Illinois deals with deep pension debt
Jay Field: Illinois budget analyst Laurence Msall has this bad news to share:
Laurence Msall: The state has not been funding its promises to its employees and its retirees, and instead has either borrowed or just skipped payments.
Using the pension money to cover essential services like education, without having to jack taxes. That's left the state retirement system nearly $80 billion in debt -- the largest unfunded pension liability in the nation.
Msall: And that is why we're calling for very significant reform of the pension system in Illinois.
For one thing, Illinois plans to reduce benefits for new lawmakers and judges. But Msall says there's something else Illinois can do: It can adopt a model for a well-run pension fund that is headquartered right here, west of Chicago, in the city of Oak Brook.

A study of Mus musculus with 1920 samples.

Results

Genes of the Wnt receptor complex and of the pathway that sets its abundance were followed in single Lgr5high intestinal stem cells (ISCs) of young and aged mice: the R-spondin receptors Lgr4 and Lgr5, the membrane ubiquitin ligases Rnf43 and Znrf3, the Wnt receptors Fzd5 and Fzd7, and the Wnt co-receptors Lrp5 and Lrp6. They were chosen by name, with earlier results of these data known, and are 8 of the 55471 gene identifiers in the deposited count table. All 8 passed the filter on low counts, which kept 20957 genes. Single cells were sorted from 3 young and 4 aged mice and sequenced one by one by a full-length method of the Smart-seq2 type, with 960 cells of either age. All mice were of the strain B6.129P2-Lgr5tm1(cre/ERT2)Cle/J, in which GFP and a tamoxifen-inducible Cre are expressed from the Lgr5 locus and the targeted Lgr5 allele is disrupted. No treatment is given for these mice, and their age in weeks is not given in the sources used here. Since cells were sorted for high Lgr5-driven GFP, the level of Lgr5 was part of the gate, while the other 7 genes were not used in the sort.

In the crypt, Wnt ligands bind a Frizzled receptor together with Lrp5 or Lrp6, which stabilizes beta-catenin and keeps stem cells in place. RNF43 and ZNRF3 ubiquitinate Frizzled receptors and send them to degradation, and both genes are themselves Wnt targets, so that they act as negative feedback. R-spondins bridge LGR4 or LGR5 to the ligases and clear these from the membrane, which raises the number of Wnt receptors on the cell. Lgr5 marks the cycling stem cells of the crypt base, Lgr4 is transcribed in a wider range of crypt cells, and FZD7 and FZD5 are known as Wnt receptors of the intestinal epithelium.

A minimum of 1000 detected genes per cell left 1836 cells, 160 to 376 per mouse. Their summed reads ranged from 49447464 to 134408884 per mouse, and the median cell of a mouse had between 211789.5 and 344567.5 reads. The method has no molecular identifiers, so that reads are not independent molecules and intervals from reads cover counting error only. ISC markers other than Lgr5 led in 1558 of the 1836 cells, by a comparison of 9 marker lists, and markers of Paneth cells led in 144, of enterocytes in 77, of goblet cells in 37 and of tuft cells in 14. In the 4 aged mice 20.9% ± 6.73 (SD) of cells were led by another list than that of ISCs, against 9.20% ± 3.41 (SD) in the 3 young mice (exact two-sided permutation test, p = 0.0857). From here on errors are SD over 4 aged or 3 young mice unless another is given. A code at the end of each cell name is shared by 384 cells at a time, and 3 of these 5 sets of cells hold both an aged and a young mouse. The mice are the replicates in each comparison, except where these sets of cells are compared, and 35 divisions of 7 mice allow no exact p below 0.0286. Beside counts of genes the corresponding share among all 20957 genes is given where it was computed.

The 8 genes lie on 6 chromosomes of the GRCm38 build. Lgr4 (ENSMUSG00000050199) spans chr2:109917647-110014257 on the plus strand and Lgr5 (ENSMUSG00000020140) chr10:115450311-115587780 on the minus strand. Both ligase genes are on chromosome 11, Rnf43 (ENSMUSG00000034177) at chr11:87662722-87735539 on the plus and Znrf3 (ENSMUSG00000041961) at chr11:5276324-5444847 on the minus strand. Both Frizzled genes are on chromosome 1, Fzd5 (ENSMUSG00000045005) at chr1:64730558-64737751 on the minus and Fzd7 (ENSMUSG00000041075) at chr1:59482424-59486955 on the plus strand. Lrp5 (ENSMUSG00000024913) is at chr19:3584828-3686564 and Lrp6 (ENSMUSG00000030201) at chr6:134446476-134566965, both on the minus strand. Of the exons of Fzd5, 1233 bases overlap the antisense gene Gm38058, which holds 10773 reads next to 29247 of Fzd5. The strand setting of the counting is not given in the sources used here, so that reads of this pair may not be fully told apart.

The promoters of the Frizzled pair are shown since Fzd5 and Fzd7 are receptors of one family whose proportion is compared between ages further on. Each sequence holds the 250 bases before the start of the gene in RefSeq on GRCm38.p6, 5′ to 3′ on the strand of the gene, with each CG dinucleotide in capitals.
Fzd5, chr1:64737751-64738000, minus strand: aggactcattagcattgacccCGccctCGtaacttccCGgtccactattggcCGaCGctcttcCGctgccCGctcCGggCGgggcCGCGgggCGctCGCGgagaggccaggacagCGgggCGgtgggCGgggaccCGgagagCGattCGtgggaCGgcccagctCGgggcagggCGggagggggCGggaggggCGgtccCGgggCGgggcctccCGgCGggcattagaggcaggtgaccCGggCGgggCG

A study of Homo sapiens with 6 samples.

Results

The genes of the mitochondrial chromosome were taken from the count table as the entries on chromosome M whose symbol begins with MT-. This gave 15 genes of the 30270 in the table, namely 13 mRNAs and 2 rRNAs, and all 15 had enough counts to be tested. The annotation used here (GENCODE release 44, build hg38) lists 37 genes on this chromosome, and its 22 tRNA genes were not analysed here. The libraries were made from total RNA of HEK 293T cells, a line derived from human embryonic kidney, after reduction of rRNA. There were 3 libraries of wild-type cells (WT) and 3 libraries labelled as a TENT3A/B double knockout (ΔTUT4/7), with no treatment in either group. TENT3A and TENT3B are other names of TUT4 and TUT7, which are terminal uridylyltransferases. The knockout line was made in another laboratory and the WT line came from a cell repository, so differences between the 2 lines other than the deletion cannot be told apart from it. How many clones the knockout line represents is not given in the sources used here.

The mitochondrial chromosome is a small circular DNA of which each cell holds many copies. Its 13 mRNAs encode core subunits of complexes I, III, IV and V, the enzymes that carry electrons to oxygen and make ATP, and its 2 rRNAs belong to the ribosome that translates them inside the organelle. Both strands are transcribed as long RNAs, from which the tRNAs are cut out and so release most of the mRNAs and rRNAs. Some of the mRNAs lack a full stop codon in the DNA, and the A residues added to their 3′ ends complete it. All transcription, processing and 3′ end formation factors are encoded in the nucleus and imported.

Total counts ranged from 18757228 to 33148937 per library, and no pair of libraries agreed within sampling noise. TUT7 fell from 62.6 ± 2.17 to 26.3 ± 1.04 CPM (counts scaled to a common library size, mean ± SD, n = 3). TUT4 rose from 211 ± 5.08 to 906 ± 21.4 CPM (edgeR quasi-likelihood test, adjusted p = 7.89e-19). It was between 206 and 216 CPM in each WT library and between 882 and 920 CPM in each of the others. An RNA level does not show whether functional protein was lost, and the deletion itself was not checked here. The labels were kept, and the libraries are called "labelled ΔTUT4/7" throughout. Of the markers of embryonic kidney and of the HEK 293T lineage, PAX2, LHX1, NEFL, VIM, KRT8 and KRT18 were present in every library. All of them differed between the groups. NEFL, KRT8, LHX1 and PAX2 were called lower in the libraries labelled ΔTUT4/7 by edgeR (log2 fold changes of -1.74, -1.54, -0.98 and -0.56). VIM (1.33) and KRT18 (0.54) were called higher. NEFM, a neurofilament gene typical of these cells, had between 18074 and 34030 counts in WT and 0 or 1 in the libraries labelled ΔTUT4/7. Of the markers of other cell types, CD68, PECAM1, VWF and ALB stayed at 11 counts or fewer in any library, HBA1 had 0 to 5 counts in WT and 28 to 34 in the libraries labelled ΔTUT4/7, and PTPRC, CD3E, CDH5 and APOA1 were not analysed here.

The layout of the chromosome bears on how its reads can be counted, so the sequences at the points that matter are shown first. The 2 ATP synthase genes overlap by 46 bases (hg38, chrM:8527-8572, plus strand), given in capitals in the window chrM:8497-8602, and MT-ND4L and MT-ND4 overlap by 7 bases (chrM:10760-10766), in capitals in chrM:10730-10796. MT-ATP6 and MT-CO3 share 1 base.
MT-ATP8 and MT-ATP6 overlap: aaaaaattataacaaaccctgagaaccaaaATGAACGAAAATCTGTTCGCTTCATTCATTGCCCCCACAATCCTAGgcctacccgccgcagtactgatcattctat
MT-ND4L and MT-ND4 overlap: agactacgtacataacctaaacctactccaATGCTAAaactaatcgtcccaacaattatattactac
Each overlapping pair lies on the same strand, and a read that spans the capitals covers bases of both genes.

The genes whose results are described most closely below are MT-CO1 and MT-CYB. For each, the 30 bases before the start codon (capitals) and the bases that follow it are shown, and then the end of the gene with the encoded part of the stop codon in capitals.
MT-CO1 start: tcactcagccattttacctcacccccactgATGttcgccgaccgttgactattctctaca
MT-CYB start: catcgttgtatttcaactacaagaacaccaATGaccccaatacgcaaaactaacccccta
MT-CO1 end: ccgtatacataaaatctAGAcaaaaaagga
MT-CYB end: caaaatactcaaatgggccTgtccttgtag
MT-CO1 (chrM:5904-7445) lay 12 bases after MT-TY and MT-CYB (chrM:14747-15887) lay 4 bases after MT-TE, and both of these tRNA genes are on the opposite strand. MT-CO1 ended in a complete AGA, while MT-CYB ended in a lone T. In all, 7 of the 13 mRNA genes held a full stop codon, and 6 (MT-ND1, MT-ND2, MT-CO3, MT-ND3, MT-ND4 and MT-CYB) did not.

Louis Kosiba runs the Illinois Municipal Retirement Fund for city workers from librarians to trash collectors. Last year, it earned a 25 percent return.
Louis Kosiba: In 1994, I ran the Chicago Marathon. And that is probably the most physically demanding thing I did, until I climbed to the top of Mt. Kilimanjaro.
Summiting Kilimanjaro is something people have to do slowly. Kosiba says he's worked at the fund the same way.
Kosiba: Analyzing the risks that you take, it means having a broadly diversified portfolio.
And the fund has one other big reason for its success: The state legislature gave its Board of Trustees special power to force municipalities to pay into the fund, even when they're broke.
When Illinois lawmakers set up state pension plans decades ago, they saw no reason to do the same. They figured the state would always make good. But it hasn't. And now reformers say it should adopt the same rule the municipal fund did to break the cycle of shirking and borrowing.
In Oak Brook, Ill., I'm Jay Field for Marketplace.